A TECHNIQUE DRIVEN Blog dedicated to mastery of surface design techniques. First we dye, overdye, paint, stitch, resist, tie, fold, silk screen, stamp, thermofax, batik, bejewel, stretch, shrink, sprinkle, Smooch, fuse, slice, dice, AND then we set it on fire using a variety of heat tools.

Tuesday, June 14, 2011

Low Relief Screen Printing

Beth Berman found this link for Low Relief Screen Printing.  Since we had no idea what it was, we thought we should give it a try.  Our first efforts turned out...well, let's just say they did not look like the examples in the post. 

Here is the  process that we started with.  First we had a padded surface which we covered with plastic.  I added another layer of cloth just to act as a drop cloth.  Next we put down the low relief items we wanted to print THEN we put the cloth we wanted to screen OVER them.  Last comes the screen laid directly on the fabric( over the stuff, over the drop cloth, over the plastic, over the padded surface.) Got that?  Then you screen the fabric paint pressing hard with your squeegee.  Here are my results.
  Hard to see but this  among the printed wrinkles of the drop cloth but this is a vine. See the vine coming from the right edge of the picture?  It is the pink line with the white edges.

 This one is wrinkles from the drop cloth, some yarn circled up in the top right corner, and the circles are my Vitamin D gummy drops.  They printed well.

 This one is a  print of the wrinkled drop cloth and pieces of flat belting material.  This is the first one I kinda like.

These last two are prints of the belting material on top of a plastic drain mat for the sink.  I have had that mat for some time but this is the first time I have used it.  I  knew it would print great.  The little circles are the bottom print are a carry over from the Vitamin D gummy drops.

At this point we stopped because we were not getting the prints we expected.  I went back and re-read the directions and decided we were missing a stage.  I tried again the next day and here are the results.
 This one is the direct print.  I made it just as you would expect--padded surface, plastic, cloth I want to print on, a couple of ferns, the screen, and then paint squeegeed on.

This one is the shadow print.  This time I placed the screen from the direct print onto a new piece of fabric.  There was still paint on the screen.  There was nothing between the screen and the new piece of fabric.  I squeegeed the screen with a clear textile medium and the paint left on the screen where the fern was printed on the fabric. You can see it best on the top left.  It would have shown up better if I had been careful about the wrinkles and had used a darker color on the direct print.  This is like the image we saw posted on the link.

This one is the reverse print where I put the ferns down on the fabric and pressed them just to get the paint off of them.  That gives me three prints.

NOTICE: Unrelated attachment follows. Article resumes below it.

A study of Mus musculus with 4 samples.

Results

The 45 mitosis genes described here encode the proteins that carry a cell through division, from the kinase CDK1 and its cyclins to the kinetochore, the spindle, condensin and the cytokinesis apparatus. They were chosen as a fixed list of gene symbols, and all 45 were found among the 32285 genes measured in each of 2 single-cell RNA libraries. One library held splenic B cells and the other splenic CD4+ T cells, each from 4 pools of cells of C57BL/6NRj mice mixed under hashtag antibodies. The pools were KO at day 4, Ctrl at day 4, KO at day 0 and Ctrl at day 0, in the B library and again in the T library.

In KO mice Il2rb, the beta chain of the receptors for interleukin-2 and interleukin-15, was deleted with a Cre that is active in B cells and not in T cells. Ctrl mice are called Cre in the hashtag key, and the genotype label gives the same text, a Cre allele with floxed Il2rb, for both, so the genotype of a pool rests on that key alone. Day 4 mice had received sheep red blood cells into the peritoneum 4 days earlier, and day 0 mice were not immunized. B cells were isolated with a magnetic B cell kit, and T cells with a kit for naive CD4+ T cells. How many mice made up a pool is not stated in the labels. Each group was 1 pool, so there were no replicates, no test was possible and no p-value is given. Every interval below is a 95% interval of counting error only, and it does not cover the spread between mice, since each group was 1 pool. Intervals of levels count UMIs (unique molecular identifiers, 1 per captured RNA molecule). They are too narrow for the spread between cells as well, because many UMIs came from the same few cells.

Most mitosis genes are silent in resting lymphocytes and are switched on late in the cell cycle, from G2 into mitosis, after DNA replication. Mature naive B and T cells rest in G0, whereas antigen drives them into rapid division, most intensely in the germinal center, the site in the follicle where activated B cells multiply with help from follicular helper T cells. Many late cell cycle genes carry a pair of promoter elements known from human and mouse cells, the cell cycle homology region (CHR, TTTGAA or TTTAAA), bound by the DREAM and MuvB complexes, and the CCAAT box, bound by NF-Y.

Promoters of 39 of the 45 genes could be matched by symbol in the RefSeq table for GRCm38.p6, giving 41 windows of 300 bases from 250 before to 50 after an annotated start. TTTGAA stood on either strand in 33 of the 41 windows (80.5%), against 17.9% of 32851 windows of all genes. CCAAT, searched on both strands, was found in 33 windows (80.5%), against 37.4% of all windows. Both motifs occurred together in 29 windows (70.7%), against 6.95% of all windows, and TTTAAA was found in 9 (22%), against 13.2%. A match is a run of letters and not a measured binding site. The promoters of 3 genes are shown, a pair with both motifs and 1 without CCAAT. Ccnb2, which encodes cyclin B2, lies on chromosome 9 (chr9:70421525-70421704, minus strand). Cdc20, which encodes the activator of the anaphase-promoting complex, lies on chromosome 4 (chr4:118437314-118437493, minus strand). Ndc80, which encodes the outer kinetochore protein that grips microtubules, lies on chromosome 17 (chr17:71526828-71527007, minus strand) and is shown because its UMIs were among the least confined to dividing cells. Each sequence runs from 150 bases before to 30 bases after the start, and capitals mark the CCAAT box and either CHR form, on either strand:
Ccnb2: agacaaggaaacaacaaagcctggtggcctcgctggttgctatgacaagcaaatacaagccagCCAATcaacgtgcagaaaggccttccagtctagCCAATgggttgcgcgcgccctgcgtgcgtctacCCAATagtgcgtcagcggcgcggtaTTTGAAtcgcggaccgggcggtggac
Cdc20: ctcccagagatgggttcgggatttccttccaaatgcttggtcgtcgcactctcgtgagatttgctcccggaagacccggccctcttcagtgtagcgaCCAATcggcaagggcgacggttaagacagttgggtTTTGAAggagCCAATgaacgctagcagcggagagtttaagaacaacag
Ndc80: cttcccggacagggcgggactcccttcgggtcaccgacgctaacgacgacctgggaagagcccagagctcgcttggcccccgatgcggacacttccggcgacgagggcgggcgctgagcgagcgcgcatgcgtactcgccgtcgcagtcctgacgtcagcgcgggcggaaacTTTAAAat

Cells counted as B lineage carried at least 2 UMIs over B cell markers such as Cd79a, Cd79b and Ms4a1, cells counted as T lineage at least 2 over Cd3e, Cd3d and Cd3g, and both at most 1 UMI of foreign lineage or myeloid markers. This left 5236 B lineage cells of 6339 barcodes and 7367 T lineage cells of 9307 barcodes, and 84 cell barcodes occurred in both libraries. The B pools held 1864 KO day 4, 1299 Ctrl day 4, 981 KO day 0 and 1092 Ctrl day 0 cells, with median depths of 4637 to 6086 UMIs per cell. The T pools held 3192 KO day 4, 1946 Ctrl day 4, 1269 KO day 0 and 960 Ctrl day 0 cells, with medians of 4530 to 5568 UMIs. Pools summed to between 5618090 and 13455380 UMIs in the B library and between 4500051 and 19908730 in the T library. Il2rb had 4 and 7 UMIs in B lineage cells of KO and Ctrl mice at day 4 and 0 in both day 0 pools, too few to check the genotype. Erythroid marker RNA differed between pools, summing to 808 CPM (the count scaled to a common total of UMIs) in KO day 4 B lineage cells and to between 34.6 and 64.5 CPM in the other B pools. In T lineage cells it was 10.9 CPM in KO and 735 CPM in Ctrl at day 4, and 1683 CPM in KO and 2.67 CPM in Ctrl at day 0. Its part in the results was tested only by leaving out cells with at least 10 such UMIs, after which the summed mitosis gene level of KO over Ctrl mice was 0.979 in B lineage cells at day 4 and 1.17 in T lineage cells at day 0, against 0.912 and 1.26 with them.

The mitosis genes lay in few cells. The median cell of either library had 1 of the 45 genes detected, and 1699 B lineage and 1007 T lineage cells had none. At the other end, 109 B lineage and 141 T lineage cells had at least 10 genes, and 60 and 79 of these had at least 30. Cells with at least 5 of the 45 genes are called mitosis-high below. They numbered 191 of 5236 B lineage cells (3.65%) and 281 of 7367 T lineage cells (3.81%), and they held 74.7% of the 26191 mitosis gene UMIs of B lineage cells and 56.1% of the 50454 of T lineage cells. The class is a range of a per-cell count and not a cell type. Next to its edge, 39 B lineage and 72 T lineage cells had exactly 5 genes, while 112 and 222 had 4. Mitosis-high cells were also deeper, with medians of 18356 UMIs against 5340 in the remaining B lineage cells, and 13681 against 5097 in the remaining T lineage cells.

Now here is what I learned.  Both those techniques are interesting.  The first technique is really easy.  I might try that again.  The second technique which is really the low relief screen printing method (I think) is very nice but is a lot of work.  The direct print requires a dark paint.  The shadow print requires you to remove any extra paint from the well of the screen so that you can screen with the clear textile medium. And you need to do it quickly so the thin layer of paint on the screen does not dry on your screen and ruin it.  THEN you need remove the clean medium so that won't dilute the paint for your next direct print.  I think I can get the same results from a monoprint without having to worry about ruining my screen or having to keep cleaning it.

My two cents.  I would love to hear if you have tried the technique


  1. I actually like the results you got in the first pictures! I'm assuming you are using fabric paint, not thickened dyes? The cleanup issue would go away (having to clean up quickly before the medium dries) if you use thickened dyes, and you would get good results that way as well. I may have to give this one a try!

  2. Yep, I like the first results too.

    Yes, I do think using thickened dyes would relieve my anxiety over paint drying in my screen but you would still need to remove the extra dye in the well so you could squeegee with a clear print paste and then clean out the well again so you could squeegee with the thickened dye. If you don't do this then the dye overwhelms the shadow print and the clear paste mixes with the dye causing a lighter direct print which does not shadow print as strongly. That is still a hassle even with the time constraint removed.

    Don't get me wrong--I like the results. But I still think it would be easier to get the same results in a monoprint--perhaps from gelatin.

  3. Great to see your results.
    There are more steps involved but you are on the way there !
    Looking forward to seeing more of your print versions.